Science is about the collection of natural data and the dispassionate development of theories which best explain the data. Right? Sort of. Probably best to strike 'dispassionate' from that sentence. Scientists turn out to be as passionate about their beliefs as, well, we religious folk tend to be. They even practice 'shunning', the exclusion from the scientific community of those deemed to be heretical questioners of the prevailing scientific paradigm.
Shouldn't science welcome sceptics? Isn't scepticism foundational to the scientific method? On the contrary, it seems that the practice of shunning in the scientific community is evidence that a kind of 'groupthink' prevails in scientific academe which suppresses questioning and thus stymies progress towards theories which better explain data. This criticism was actually made as long ago as 1962 in Thomas Kuhn's seminal monograph The Structure of Scientific Revolutions, which punctured the image of science as a dispassionately infallible process, although you wouldn't know it today, when, ironically, science seems to be the one area of human thought that is immune to radical, late-Modern scepticism.
Witness the furious reaction among the scientifically "orthodox" to Professor of Philosophy at New York University Thomas Nagel's new book, Mind and Cosmos, in which the renowned atheist* astoundingly confesses, “For a long time I have found the materialist account of how we and our fellow organisms came to exist hard to believe, including the standard version of how the evolutionary process works. I realize that such doubts will strike many people as outrageous, but that is because almost everyone in our secular culture has been browbeaten into regarding the reductive research program [about the origin of life] as sacrosanct, on the ground that anything else would not be science.” Nagle's critique of the view that science is confined to naturalistic explanations is his major heresy, from which flows his disbelief in neo-Darwinian evolution, for which he is being shunned. Nagel's work, despite its critical reception, could be contributing to an inexorable paradigm shift in the philosophy of science.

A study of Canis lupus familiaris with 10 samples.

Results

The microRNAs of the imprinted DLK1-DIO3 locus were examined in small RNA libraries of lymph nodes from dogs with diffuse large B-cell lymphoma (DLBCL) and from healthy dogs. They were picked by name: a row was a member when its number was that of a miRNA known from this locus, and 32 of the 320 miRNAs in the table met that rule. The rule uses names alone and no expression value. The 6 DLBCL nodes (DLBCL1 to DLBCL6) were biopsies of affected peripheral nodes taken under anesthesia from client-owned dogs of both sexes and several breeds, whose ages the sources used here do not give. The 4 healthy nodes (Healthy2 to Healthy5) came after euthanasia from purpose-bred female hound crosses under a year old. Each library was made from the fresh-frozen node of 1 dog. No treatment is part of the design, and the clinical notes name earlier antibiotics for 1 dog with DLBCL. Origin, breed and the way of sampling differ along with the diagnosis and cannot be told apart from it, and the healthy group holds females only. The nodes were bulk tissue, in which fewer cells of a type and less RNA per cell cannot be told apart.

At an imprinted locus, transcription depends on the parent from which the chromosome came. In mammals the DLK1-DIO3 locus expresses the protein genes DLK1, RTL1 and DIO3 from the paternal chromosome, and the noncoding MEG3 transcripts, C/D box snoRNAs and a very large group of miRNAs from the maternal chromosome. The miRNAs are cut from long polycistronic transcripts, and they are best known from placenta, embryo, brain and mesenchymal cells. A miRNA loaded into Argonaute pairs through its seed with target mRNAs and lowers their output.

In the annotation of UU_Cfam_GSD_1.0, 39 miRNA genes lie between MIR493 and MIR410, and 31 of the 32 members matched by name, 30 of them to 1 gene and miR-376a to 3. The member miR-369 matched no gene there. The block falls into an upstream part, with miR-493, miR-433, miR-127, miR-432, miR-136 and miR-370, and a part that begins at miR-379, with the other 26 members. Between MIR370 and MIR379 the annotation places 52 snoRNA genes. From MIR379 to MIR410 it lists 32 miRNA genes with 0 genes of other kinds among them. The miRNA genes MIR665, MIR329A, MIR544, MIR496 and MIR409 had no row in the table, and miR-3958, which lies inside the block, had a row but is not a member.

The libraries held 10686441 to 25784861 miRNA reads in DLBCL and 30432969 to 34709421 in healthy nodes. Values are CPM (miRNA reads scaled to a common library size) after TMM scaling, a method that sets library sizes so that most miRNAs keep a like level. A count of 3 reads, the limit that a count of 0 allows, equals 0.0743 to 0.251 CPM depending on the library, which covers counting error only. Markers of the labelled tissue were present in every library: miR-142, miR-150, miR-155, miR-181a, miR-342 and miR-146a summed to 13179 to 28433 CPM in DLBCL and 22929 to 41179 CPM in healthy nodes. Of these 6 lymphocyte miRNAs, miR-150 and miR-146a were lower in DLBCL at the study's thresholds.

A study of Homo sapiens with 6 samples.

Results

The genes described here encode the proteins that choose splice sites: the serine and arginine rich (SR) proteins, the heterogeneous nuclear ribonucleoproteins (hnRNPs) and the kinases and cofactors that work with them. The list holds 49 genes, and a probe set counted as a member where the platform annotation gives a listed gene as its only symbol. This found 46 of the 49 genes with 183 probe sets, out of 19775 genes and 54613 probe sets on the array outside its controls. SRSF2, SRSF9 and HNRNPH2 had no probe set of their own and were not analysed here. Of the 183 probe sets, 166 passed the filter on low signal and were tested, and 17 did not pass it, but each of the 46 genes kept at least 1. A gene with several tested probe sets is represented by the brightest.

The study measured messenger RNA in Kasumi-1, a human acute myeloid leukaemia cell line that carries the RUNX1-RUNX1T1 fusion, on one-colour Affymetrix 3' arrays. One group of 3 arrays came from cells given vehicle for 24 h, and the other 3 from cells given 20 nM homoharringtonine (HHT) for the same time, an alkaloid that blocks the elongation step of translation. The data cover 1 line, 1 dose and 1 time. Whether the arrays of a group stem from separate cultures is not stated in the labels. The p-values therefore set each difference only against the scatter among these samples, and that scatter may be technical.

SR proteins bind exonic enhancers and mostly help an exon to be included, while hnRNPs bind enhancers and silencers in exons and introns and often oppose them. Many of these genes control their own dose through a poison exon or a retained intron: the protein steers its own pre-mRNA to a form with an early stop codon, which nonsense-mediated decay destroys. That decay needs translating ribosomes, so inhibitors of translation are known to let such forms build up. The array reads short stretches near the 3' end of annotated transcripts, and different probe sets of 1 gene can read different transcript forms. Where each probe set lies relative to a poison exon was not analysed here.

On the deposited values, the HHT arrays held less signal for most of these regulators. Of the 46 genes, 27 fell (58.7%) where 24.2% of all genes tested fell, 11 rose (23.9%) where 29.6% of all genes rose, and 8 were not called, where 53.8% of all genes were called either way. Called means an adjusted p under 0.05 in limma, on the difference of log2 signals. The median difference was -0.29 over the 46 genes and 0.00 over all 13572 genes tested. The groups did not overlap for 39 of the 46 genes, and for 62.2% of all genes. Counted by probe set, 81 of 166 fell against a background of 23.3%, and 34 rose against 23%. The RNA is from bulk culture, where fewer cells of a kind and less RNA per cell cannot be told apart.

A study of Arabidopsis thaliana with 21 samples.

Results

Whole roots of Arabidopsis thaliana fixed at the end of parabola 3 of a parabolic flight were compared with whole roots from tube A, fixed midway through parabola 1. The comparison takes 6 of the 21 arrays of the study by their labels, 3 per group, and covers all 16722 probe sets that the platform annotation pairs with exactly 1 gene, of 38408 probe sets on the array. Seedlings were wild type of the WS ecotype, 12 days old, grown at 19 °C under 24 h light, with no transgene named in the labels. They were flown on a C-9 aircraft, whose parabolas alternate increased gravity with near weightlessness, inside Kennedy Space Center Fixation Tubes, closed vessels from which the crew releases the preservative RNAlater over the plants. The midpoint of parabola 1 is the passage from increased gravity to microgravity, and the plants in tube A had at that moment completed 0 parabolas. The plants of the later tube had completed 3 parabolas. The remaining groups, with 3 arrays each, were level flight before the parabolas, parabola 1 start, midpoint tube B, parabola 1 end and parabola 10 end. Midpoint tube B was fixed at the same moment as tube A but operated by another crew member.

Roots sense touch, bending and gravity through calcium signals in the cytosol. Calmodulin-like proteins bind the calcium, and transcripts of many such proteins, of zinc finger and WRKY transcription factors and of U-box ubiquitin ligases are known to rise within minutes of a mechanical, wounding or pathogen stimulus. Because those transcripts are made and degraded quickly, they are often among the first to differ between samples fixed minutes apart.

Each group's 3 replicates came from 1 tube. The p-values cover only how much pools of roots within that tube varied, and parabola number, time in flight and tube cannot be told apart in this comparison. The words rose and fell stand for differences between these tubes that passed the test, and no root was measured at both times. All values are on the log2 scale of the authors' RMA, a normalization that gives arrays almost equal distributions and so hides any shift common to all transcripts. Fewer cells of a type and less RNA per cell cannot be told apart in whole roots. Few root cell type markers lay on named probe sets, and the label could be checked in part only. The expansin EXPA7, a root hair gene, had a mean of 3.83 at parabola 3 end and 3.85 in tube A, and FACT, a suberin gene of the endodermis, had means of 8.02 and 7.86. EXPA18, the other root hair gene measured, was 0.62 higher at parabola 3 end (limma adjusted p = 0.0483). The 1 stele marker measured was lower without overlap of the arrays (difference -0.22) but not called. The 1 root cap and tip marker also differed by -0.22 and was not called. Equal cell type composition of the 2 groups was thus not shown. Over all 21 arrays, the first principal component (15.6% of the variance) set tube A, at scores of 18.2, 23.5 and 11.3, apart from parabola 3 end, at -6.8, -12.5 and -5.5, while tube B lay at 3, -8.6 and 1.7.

Read more about the reactions here.
* THOMAS NAGEL (B.A. Cornell 1958; B.Phil. Oxford 1960; Ph.D. Harvard
1963), University Professor, Professor of Philosophy, Professor of Law. He
specializes in Political Philosophy, Ethics, Epistemology, and Philosophy of
Mind. He is a Fellow of the American Academy of Arts and Sciences, a
Corresponding Fellow of the British Academy, and a Member of the American
Philosophical Society, and has received Guggenheim, N.S.F., and N.E.H.
Fellowships, a Mellon Distinguished Achievement Award in the Humanities, the
Rolf Schock Prize in Logic and Philosophy, the Balzan Prize in Moral Philosophy,
and honorary degrees from Oxford, Harvard, and the University of Bucharest. He
is the author of The
Possibility of Altruism (Oxford, 1970, reprinted Princeton, 1978), Mortal
Questions (Cambridge, 1979), The View From Nowhere
(Oxford, 1986), What
Does It All Mean? (Oxford, 1987), Equality and
Partiality (Oxford, 1991), Other Minds (Oxford,
Last Word (Oxford, 1997), The
Myth of Ownership: Taxes and Justice (with Liam Murphy) (Oxford, 2002),
and Exposure (Oxford, 2002), and Secular
Philosophy and the Religious Temperament (Oxford 2010).